Portland, Ore. -- Nanotubes already offer ballistic transport of electrons at room temperature--and, when cooled to near absolute zero, single-walled carbon nanotubes lose all resistance to current flow and become superconductors. Now EEs in Japan have demonstrated that careful attention to bonding the ends of multiwalled nanotubes can increase the temperature at which they superconduct, potentially enabling quantum computing at the molecular level.
"We report that entirely end-bonded multiwalled carbon nanotubes can exhibit superconductivity with a transition temperature as high as 12 Kelvin, which is approximately 30 times greater than single-walled nanotubes," the researchers said in a report on their work.
Junji Haruyama, an associate professor in the department of electrical engineering and electronics at Aoyama Gakuin University (Japan), led the team. The team included fellow professor Nobuyuki Kobayashi and researcher assistant Izumi Takesue, as well as professors Shigeo Maruyama and Shohei Chiashi at the University of Tokyo and professors Hisanori Shinohara and Toshiki Sugai at Nagoya University.
According to the Bardeen-Cooper-Schrieffer (BCS) theory, superconductivity occurs when electrons overcome the mutual Coulomb repulsion forces between them and instead form Cooper pairs by virtue of the absence of lattice vibrations--phonons--near absolute zero. Rather than Coulomb repulsion, carbon nanotubes inhibit superconductivity because of the repulsive force of a state called a Tomonaga-Luttinger liquid.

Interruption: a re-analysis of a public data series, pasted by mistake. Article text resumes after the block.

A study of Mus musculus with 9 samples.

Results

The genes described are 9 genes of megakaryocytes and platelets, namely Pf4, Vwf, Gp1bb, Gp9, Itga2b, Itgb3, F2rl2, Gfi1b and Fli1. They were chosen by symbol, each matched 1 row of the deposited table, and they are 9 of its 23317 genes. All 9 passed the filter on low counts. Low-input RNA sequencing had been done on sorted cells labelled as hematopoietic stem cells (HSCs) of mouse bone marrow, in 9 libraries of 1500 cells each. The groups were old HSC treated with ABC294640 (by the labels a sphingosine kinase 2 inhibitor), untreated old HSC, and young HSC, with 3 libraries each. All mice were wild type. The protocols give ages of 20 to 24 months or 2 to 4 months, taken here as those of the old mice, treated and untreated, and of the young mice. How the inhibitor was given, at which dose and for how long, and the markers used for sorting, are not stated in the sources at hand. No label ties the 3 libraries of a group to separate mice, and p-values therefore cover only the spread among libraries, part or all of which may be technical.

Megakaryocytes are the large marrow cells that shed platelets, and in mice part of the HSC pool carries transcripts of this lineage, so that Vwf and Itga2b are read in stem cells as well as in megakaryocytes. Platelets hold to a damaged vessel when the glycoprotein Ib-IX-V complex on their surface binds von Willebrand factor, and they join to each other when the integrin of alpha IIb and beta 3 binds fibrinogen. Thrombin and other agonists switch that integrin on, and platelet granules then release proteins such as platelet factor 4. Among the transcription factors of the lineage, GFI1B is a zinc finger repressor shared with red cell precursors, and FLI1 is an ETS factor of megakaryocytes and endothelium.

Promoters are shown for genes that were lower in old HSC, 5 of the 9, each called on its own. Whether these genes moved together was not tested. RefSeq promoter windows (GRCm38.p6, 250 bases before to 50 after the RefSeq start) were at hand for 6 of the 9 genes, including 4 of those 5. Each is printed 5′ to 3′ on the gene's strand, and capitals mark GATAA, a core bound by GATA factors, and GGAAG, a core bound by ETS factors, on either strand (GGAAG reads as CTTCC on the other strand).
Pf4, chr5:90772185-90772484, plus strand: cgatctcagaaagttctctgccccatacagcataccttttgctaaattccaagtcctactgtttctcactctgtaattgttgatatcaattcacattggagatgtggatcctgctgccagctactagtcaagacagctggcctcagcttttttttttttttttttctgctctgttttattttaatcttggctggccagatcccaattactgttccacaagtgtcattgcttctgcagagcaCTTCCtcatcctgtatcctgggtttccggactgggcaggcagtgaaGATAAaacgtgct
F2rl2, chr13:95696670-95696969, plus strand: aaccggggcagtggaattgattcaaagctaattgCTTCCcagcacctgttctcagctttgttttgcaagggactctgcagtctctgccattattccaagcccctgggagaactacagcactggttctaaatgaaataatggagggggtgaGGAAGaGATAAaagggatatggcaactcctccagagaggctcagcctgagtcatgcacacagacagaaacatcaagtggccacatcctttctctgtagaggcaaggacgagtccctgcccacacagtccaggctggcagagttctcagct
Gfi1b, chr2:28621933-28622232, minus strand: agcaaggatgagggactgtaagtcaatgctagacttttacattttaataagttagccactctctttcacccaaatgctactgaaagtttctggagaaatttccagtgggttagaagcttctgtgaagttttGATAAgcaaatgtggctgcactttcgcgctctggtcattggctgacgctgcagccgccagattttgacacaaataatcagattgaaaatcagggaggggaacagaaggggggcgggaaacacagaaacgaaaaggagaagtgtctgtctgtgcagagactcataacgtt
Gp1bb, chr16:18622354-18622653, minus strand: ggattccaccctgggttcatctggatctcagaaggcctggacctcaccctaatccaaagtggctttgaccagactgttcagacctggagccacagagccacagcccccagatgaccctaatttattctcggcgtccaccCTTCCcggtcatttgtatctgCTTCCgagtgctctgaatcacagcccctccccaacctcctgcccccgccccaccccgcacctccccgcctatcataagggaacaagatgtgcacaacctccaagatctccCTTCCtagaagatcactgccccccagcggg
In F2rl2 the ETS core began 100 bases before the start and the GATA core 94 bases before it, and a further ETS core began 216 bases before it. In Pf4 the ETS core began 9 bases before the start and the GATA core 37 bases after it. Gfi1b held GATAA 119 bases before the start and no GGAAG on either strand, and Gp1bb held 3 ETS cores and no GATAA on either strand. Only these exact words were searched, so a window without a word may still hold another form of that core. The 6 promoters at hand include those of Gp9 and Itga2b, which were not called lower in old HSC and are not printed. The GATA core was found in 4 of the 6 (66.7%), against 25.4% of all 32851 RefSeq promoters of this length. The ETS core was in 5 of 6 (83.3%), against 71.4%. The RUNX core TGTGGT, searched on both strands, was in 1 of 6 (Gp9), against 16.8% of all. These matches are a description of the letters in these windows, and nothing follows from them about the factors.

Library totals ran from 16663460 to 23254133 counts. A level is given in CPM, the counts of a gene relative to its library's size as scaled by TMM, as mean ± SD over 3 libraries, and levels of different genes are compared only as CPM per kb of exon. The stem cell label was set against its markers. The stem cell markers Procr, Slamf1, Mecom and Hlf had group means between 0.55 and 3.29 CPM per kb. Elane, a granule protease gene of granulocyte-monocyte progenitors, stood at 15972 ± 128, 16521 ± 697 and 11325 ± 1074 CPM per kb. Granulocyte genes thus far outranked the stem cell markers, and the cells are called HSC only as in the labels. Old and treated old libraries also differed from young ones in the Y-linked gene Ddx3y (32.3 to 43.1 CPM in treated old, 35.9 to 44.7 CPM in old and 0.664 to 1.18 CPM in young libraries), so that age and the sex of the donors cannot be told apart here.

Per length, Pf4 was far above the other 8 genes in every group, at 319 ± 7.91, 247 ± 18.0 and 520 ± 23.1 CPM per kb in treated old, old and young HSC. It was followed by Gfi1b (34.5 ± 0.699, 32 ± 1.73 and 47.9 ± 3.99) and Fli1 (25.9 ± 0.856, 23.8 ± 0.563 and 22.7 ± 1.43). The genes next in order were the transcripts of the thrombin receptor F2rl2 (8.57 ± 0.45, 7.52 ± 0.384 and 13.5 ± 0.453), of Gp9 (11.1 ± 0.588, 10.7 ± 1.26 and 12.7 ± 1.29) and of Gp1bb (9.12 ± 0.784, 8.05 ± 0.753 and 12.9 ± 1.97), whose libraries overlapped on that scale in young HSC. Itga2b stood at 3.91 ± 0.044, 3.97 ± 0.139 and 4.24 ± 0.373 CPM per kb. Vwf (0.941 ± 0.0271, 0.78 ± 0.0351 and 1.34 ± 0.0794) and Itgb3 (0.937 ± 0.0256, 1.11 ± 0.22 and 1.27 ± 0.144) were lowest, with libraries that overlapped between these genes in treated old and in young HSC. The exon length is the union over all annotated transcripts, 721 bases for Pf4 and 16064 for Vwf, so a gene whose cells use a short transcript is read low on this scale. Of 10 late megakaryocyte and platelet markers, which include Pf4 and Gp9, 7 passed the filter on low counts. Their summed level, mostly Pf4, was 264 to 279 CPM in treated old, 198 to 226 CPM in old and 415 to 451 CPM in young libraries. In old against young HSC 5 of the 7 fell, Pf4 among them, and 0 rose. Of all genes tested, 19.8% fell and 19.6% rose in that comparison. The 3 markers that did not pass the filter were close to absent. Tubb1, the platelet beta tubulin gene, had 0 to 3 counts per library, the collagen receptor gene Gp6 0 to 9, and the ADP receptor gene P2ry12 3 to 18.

Haruyama's team, however, has overcome the Tomonaga-Luttinger liquid repulsion that destroys Cooper pairs by arraying concentric multiwalled nanotubes so that contact is made by gold bonded to the ends of every concentric tube. Normal electrodes attach only to the outermost nanotube in the concentric set of walls in a multiwalled nanotube. By careful bonding techniques, ensuring that every wall of the multiwalled nanotubes are in direct physical contact with a gold electrode, the researchers found that the temperature required for superconducting goes up.
The team prepared the ends of multiwalled nanotubes by trimming them with ultrasound and evaporating gold into the end so that metal bonds to all the concentric nanotube walls. The researchers said they increased the temperature of superconduction in proportion to the number of nanotubes directly bonded to gold, here to 12K. Now the team plans to attempt increasing the number of concentric nanotubes even further, hoping to raise the temperature of superconductivity even higher.